What You Should Know About Purchasing Guns

Purchasing Guns Background
The act of purchasing firearms has long been a controversial issue in America. With two sides present (those who want more gun rights, and those who want more restrictions) America has taken a stance to regulate the purchases of handguns and machine guns on a federal level, while widely adopting a casual stance towards the purchase of hunting firearms.
Retail gun dealers are regulated under federal law, and cannot sell a firearm to any prospective buyer who can potentially pose a threat to society. Machine guns have widely been banned through the National Firearms Act of 1934 and require a special permit authorized only by the US Treasury Department.
Complexities arise in handgun laws because they are narrowly regulated on a local level. Each state has its own unique interpretation of handgun laws, which are enforced at all gun shops. The Brady Bill which was passed in 1994, is a Federal law that requires a background check and waiting period for all purchases of handguns. Laws pertaining to the purchase of firearms has been difficult to enforce due to an assortment of loopholes present in private transactions and the secondary markets.


Specific Laws
Specific laws regarding the purchase of firearms must be split into two groups-Federal laws and State laws. Federal regulations revolve around a prospective buyers disposition and whether or not he "poses a threat to society." Common impediments for the purchase of a firearm are-convicted felon, fugitive, mental illness, or addiction to a stimulant.
In addition, Federal law states that no individual can purchase a handgun under the age of 21 or a rifle under the age of 18. Federal regulation is also present for distributors and sellers of firearms. All gun dealers must possess a FFL (federal firearms license) in order to sell firearms to individuals from outside states. The complexity and descriptive nature of gun laws is found at the local level. Each state possesses its own unique constitution which enforces its particular gun laws.
Because America has a lenient stance on gun laws when compared to other developed nations, the median interpretation for a states gun laws is as follows-no permit is required to purchase, a license of ownership is not necessary, nor is registration, however a permit is required to conceal a loaded handgun. A casual stance indeed, however, there are many states that do have a strict attitude towards guns and indeed require permits for purchase and a license for ownership. Examples of states with stringent gun control-New Jersey, New York, Massachusetts, and California.    


State Variations
Each state has its own unique interpretation and enforcement method in regards to gun laws. Based on the Brady Scorecard (a scoring system to judge the strength of a state's gun laws) more stringent gun control laws will be found in the Northeast, and West Coast, while regions such as the deep South, Midwest, and great plains will have possess a more casual stance.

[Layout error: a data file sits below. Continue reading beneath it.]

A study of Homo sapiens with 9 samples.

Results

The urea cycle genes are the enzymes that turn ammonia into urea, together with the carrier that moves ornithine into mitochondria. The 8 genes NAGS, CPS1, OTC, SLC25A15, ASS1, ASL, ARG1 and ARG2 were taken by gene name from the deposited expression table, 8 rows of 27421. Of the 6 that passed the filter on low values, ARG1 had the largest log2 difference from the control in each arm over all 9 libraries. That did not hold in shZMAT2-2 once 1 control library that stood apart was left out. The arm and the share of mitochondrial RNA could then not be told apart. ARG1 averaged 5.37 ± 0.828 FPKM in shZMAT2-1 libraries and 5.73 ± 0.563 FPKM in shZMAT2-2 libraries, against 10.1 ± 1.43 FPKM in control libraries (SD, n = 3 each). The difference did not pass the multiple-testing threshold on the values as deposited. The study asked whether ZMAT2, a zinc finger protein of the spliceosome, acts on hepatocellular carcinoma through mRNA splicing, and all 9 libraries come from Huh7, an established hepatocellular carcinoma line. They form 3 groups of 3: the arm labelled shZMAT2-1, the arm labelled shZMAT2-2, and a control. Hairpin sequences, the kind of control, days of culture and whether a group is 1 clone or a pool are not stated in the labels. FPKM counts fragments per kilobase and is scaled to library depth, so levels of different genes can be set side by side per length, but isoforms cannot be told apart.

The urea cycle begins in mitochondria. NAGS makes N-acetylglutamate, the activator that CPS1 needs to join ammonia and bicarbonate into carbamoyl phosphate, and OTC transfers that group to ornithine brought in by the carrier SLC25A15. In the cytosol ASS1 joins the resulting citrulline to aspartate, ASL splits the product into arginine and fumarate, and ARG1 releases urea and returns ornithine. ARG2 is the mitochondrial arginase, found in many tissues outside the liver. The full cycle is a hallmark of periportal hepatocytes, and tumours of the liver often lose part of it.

Generally speaking, an individual will experience less red tape and fewer restrictions when purchasing a firearm in a conservative state as oppose to a liberal one. This statement can be somewhat justified when looking at which states require permits for purchase.
Connecticut, Hawaii, Illinois, Iowa, Maryland, Massachusetts, Michigan, Minnesota, Missouri, New Jersey, New York, and North Carolina. Complexities arise in state laws because of constant variation and a series of contradictory practices present in particular state's constitutions. For instance, law enforcement in Arizona will recognize a permit to carry from Nevada, but Nevada won't recognize a permit to carry from Arizona. Understanding your particular state's gun laws is necessary to avoid a serious conflict. 


Purchasing Gun Parts
Like the laws regulating the purchasing of firearms, the obtainment of gun parts must follow a federal and local legal code. The accessory most rigidly governed by federal law is ammunition. The most basic restriction is that convicted felons, habitual drug or alcohol users, illegal aliens, or individuals subject to domestic violence are not permitted to purchase or transfer ammunition of any kind.
Federal law also restrict the sale of long gun ammunition to anyone under the age of 18, and handgun ammunition to anyone under the age of 21. Accessories and gun parts are also regulated under local law, and subject to variation based on state. Only two states (Illinois and Massachusetts) require a permit to purchase ammunition, however, many states do impose a restriction on armor piercing ammunition, purchases made in bulk, and magazine size.
Gun Parts, such as silencers, assault rifle additions, scopes, and laser guides are all placed under the umbrella of Federal law, and require specific licensing. Although similar to the structure of gun laws, gun parts and accessories are more closely governed by the federal government. 


Online Purchasing


Like most purchases made online, a gun transaction over the internet awards a buyer with numerous intangible benefits. A consumer is given more options in terms of selection, and purchasing techniques.
The price of guns purchased online is significantly lower as a consumer will be given the opportunity to compete in auctions or to purchase used guns. Although a frightening prospect, gun purchases made online are regulated by federal law and are considered secure and legitimate. In order for a firearm to be purchased over the internet the following process must be met-all guns purchased online must be shipped only to a holder of a Federal Firearms License.
The firearm is not shipped to the consumers house, but instead, to the closest licensed gun dealer in the buyer's area. Once the gun is shipped, the consumer must present and fulfill his local state's requirements in regards to permits or licenses for the purchase to be finalized.